For six years’ running, Greg Penny was the one who manually collected recyclables at curbside, stopping at every address in Port Alberni.
When glass containers, plastic bags, foam or other misdirected materials were left for blue-box pickup, Penny was the sharp-eyed gatekeeper, the one who caught them on his weekly rounds of city streets.
Other workers in other municipalities might reject the whole bin on the basis of contamination, but not Penny. He took the time to separate the unfit material and leave it behind for his “customers,” along with stickers informing them of the appropriate “end of life” for the material. In some cases, he snapped photos and sent them to Anna Lewis, ACRD waste educator. Lewis posted the information at facebook.com/ACRD.recycles, an educational site.
“We used to do What’s Wrong Wednesdays,” Lewis recalled.
“And we kept contamination rates down,” said Penny, whose job was eliminated in September when the City of Alberni switched to a three-stream system, adding automated recycling and organics collection. He works now at Third Avenue Recycling Depot.
Reducing contamination in recyclable materials is essential for worker safety, efficiency and cost control, costs that are ultimately borne by taxpayers.
“It’s more or less educating people on what not to put in their recycling containers,” Penny said. “We were able to keep contamination rates down by sorting.”
The city’s automated trucks are equipped with cameras that can detect contamination, now the first line of quality control in a system that automatically issues notifications to individual households, said Jodie Frank, organics co-ordinator.
“It’s a relatively new piece of equipment,” Frank said. “Right now, they’re just getting familiar with the software.” Additional measures such as audits will be put in place to control contamination, she added.
There are multiple benefits to the switch, she noted. For a start, the strain of repetitive motion on a worker having to lift 800 totes a day is eliminated. As well, the new carts keep materials dry in rainy weather. Saturated materials cannot be recycled.
People must still sort their recyclables and drop materials such as glass, foam and plastic bags at the Third Avenue Depot. They can also consult the Sort’n Go app if they are unsure, Lewis said. The app sends timely reminders of collection dates and corresponding materials to leave at curbside. Just a few weeks in, more than 3,000 households among a total of 6,500 have already downloaded the app.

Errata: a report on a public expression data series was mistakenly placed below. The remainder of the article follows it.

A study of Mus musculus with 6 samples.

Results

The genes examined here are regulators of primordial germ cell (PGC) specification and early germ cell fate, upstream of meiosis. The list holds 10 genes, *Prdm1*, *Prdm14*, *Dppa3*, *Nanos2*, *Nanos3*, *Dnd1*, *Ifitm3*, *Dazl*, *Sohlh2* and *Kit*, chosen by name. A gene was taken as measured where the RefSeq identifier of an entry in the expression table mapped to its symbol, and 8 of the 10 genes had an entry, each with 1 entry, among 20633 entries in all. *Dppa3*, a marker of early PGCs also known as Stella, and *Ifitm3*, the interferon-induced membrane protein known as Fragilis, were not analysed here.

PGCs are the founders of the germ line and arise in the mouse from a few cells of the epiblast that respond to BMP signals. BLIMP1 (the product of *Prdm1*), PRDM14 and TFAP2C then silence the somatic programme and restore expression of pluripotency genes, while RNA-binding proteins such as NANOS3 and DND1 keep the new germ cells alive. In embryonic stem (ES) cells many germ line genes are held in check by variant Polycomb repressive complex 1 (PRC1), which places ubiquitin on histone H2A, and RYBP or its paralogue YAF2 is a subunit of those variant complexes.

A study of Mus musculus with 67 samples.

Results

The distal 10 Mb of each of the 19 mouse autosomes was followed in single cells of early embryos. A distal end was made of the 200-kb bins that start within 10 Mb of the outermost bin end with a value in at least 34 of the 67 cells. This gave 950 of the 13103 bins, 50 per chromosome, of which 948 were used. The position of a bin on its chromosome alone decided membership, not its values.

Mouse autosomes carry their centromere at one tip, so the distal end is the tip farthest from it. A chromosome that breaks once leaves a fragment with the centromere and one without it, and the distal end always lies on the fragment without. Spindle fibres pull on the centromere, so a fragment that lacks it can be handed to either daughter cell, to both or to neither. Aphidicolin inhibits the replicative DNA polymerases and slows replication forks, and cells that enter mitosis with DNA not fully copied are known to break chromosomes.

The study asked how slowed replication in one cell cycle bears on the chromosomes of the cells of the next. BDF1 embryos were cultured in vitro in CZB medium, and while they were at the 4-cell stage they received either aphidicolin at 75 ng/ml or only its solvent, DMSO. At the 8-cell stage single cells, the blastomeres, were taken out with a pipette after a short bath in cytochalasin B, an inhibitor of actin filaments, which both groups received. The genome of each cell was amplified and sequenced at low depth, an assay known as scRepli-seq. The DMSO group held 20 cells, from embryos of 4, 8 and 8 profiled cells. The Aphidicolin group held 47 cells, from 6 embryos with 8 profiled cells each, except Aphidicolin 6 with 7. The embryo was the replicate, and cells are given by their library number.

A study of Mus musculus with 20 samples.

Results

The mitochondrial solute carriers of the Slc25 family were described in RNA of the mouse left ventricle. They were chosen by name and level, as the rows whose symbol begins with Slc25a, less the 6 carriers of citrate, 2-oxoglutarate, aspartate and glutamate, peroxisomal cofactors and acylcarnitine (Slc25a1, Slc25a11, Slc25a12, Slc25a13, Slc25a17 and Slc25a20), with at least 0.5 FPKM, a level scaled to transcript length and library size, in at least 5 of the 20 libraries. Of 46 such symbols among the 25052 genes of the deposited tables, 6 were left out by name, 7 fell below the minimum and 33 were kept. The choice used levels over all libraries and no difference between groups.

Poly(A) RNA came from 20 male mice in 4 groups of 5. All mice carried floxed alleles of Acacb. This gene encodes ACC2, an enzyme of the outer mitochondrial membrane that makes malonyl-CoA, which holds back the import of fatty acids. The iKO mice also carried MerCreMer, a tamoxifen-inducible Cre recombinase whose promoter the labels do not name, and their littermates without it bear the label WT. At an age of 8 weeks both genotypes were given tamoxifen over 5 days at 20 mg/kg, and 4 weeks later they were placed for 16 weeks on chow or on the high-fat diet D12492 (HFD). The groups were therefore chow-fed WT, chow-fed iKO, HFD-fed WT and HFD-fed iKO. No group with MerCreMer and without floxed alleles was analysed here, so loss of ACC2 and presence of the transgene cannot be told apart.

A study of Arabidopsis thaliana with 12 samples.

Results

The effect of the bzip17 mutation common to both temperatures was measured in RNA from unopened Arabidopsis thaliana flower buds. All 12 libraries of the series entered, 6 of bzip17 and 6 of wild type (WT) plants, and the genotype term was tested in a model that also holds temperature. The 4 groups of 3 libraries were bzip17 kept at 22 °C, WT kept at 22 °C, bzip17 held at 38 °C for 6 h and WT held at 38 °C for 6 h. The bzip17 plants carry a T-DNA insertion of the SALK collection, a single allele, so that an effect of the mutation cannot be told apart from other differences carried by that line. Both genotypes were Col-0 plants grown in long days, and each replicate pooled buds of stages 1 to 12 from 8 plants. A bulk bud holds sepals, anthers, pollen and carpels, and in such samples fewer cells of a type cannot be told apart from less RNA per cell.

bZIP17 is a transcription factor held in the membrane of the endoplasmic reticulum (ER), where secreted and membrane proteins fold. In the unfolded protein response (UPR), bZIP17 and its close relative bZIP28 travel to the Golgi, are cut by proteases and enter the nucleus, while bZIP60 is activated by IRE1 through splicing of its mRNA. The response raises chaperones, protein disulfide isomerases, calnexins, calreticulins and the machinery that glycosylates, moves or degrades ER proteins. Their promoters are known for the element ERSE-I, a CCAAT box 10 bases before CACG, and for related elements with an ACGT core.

“That’s pretty good,” Lewis said. “It is helpful.”
While the new recycling program cost him his old job, Penny holds no grudge.
“I’ve bought into it,” he said. “I’ve filled the compost bin twice in a row so far. I think most people are going to adapt really well. I think most people have bought into it.
“I just wanted to say goodbye to all my customers, all those people who waved from the window,” he added.
Not that Penny won’t see the same people from time to time at the depot. A farewell gesture merely extends the same personal touch he brought to curbsides, controlling contamination at every turn.
“I do know that Greg was a pretty special person for a lot of people in the community,” Lewis said. “He took the time to explain why something was rejected. He’d wave to kids in the window and help people with their boxes. In my opinion, he went above and beyond in his job, ensuring that recycling contamination remained low.”
Benefits from landfill diversion are huge, she added.
The city is well along in pursuit of four primary goals, including increased landfill diversion, up 20 percent, and reduced waste volume to 400 from 589 kg per annually. That is still higher than the B.C. average of 350 kg per person. With continued progress on those goals, the plan is to extend landfill life by 65 years.
“And then there’s the bigger question of climate change,” Lewis said.
Methane, a byproduct of landfills, is roughly 80 times more effective as an atmospheric heat trap than carbon dioxide. Separating compostables significantly reduces methane production.
Frank said 90 tonnes have already been diverted in the first two weeks.
Despite some resistance, a majority has, like Greg Penny, readily adopted the new system.
“We’re losing a huge asset to the program,” Frank said, referring to Penny. At the same time there are greater efficiencies for the city in terms of reduced contamination of recyclables and greater landfill diversion.
“It’s very astonishing how many people have been supportive of the program and that are on board,” Frank said.